In Romans 9, Paul deals with the sovereignty of God in election, picturing God as a potter working with clay: “Does not the potter have the right to make out of the same lump of clay some pottery for special purposes and some for common use? What if God, although choosing to show his wrath and make his power known, bore with great patience the objects of his wrath—prepared for destruction? What if he did this to make the riches of his glory known to the objects of his mercy, whom he prepared in advance for glory?” (Romans 9:21–23). The vessels of wrath are contrasted with the vessels of mercy; one set is slated for destruction, and the other for glory.
Let’s take a quick review of the letter to the Romans: Paul highlights the need everyone has for God’s righteousness (Romans 1—3) and how God provided for humanity to have that righteousness by His grace through faith in Jesus Christ. This gift is available because of Jesus’ sacrifice at the cross (Romans 3—4). In Romans, Paul also describes the results for everyone who has received God’s grace (Romans 5—8) and provides evidence of God’s trustworthiness in how He provides salvation to Jews and Gentiles (Romans 9—11). Paul concludes his letter by outlining the responsibilities of believers to live righteously (Romans 12—16). In Romans 9:22 Paul mentions vessels of wrath prepared for destruction, reminding his readers that the story doesn’t end happily for everyone.
Even as he is challenging his readers to trust in God, Paul laments the fact that many of his fellow countrymen (Israelites) were unbelieving (Romans 9:1–5). Paul explains, however, that this sad state of affairs was not a failure of God or His Word (Romans 9:6). God had promised that Abraham’s descendants would be blessed but had chosen Abraham’s line through Isaac and then Jacob (Romans 9:7–13). Not everyone who would come from Abraham would be blessed through that specific promise. God had certainly promised blessing for all the families of the earth through Abraham’s specific descendant (Genesis 12:3b)—Jesus Christ—but the promises pertaining to a great and blessed nation would be for the descendants of Abraham, Isaac, and Jacob. The question is whether God has the right to choose whom He will bless and how. If God is sovereign, then we should trust Him as the One who knows how to deliver us. But Paul introduces the idea in Romans 9:22 that there are vessels of wrath prepared for destruction. Not everyone will trust in Him, apparently.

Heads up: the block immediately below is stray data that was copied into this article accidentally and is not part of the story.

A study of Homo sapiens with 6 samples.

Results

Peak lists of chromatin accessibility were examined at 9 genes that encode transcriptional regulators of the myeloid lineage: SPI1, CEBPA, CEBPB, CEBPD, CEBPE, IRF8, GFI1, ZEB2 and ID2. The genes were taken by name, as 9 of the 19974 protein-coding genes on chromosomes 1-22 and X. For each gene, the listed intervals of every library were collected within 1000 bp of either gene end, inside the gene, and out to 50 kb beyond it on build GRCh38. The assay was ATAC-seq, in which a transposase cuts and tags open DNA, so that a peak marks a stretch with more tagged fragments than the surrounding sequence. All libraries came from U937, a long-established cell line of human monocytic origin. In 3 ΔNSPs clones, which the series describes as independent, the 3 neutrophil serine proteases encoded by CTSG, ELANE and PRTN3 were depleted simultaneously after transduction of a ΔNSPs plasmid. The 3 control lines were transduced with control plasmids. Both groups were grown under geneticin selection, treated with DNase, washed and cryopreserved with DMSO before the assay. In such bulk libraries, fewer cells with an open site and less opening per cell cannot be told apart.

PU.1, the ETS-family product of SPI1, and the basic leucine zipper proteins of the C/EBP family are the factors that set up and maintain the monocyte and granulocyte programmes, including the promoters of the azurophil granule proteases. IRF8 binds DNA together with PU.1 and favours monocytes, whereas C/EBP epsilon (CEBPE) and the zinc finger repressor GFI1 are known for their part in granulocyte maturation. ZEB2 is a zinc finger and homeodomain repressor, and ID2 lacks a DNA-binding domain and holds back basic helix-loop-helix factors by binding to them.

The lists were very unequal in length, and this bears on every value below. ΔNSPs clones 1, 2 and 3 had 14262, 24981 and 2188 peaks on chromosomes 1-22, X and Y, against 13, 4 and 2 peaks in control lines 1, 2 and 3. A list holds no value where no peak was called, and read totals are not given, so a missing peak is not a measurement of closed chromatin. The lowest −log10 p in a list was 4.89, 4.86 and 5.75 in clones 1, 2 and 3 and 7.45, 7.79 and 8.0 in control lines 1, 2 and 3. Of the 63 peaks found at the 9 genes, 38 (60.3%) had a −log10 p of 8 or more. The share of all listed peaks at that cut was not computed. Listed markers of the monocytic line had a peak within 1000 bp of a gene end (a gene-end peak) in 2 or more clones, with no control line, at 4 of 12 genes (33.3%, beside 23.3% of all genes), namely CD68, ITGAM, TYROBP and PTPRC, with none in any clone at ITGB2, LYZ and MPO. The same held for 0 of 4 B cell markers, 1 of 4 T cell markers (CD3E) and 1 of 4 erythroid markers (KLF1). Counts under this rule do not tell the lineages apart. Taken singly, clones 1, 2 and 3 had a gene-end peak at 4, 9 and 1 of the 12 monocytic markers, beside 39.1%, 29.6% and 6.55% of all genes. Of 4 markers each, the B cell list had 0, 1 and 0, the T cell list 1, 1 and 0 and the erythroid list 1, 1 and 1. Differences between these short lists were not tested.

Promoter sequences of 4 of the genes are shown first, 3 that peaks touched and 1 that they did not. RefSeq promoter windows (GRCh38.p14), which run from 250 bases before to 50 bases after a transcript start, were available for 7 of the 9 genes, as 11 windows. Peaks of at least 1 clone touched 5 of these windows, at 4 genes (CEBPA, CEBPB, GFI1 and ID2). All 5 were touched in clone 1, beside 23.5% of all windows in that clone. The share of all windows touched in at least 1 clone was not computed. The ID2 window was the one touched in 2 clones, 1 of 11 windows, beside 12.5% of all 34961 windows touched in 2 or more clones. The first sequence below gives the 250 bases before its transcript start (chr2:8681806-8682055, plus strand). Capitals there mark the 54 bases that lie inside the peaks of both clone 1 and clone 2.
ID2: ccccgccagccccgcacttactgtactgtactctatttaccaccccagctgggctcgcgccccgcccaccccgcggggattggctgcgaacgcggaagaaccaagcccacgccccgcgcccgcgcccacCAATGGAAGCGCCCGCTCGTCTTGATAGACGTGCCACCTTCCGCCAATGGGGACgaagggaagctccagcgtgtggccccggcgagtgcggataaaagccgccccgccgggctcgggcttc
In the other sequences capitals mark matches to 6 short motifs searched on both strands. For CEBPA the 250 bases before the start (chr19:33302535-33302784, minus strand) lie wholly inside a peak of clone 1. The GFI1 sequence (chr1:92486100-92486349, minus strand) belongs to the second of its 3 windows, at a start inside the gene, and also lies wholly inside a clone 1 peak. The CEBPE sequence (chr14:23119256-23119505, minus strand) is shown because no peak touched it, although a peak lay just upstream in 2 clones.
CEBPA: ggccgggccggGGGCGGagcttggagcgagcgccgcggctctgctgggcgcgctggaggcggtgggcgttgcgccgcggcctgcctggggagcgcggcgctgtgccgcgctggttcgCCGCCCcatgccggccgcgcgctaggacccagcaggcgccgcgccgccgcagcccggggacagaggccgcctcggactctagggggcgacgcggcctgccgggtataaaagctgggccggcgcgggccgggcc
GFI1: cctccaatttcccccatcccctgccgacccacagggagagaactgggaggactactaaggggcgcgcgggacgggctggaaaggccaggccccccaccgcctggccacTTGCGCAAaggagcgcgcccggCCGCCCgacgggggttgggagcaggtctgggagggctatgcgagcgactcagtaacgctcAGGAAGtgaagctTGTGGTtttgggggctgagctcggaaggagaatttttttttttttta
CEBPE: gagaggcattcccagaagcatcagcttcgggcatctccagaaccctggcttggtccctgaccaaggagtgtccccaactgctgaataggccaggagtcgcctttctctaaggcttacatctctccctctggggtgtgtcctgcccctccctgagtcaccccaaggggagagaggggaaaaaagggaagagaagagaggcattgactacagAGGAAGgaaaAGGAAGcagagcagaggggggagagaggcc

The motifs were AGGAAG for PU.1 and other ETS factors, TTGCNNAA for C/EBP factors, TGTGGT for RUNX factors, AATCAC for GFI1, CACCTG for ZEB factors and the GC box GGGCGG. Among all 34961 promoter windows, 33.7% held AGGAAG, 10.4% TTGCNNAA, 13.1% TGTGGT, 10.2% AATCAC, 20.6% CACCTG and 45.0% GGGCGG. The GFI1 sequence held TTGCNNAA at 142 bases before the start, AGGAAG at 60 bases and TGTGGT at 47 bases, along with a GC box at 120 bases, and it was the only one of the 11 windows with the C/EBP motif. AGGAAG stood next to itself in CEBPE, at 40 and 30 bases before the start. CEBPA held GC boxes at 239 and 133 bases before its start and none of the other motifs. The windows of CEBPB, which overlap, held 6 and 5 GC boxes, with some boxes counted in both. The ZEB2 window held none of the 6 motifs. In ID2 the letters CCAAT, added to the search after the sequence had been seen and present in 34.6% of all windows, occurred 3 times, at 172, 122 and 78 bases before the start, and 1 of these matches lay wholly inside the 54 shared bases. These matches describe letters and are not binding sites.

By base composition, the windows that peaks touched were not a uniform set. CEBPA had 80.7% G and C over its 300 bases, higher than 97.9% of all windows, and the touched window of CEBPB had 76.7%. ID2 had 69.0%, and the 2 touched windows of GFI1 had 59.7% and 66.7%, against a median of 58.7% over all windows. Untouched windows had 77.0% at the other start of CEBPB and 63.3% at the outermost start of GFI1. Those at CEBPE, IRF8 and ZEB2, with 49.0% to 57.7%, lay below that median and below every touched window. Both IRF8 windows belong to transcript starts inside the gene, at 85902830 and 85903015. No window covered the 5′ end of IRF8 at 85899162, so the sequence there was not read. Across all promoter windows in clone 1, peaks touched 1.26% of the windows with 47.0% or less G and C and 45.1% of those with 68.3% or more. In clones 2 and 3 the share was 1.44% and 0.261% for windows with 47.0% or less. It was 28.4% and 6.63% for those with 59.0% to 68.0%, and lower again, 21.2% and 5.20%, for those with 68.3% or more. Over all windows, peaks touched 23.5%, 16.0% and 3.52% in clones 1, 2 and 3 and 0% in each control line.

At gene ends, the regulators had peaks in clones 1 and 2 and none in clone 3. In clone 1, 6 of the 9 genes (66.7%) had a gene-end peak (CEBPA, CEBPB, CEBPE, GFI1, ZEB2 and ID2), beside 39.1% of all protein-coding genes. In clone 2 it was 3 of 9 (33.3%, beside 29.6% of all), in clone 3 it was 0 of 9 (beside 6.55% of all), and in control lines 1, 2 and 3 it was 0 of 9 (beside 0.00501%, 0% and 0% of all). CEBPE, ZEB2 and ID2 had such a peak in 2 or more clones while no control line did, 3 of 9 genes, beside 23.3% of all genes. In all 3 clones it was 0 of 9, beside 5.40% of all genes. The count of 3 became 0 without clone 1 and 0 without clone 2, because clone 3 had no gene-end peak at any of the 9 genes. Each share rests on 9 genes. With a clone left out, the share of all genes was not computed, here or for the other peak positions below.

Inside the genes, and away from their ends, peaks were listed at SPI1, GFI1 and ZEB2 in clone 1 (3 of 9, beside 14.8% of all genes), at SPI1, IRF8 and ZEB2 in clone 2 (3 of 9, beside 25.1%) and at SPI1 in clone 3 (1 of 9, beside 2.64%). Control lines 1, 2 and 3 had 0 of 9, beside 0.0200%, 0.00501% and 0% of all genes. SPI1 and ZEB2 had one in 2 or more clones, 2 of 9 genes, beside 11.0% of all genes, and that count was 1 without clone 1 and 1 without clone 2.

If God has the right to choose who will be blessed and how, then some might question whether God is unjust by not ensuring the same outcome for everyone. Paul addresses this question in Romans 9:14–18, explaining that God has the right (as the Creator) to have mercy on whom He will have mercy and the right to harden whom He will harden (Romans 9:18). Paul cites God’s dealings with Pharaoh in Exodus as an example.
Paul then anticipates the question of how God can hold people accountable if, ultimately, He is making these kinds of choices (Romans 9:19). Rather than answer directly, Paul appeals to God’s sovereignty as the Creator and the owner of what He has created (Romans 9:20–21). Pottery doesn’t question the right of the potter to fashion it in a particular way. The potter has the right to fashion from the clay whatever he wants. Paul elaborates by asking a series of questions: what if God—who has the power to judge and exert His authority—was patient with vessels of wrath prepared for destruction (Romans 9:22)? Does God have the right to be patient? Or is He restricted in His ability to show mercy and patience? Clearly, God has that right with no restrictions.
Some have wrestled with Paul’s statement that there are vessels of wrath prepared for destruction. Some have even concluded that he is teaching a doctrine often called double election—that God chooses who will not be saved in the same way He chooses who will be saved. But, like Paul said in 1 Corinthians 4:6, we should not go beyond what is written. We need to be careful about making inferences when a verse is not explicit.
In the case of the vessels of wrath, Paul raises a hypothetical—a “what if”—to remind readers that God has the right to make such choices if He so desires. But Paul stops short of asserting that God is making such choices. Paul’s point is that God has the right to have mercy on whom He chooses and harden whom He chooses (Romans 9:18), but that is a different from asserting that God chooses some not to be saved. Paul isn’t addressing that question; he is making a point about God’s sovereign authority. Thus, if someone is not receiving a blessing because God didn’t promise him that blessing, neither God nor His Word has failed. If He is indeed the Creator, He has the right to bless whom He will, and He has the right to harden whom He will. If He is the Potter, how He deals with vessels of wrath prepared for destruction is His prerogative.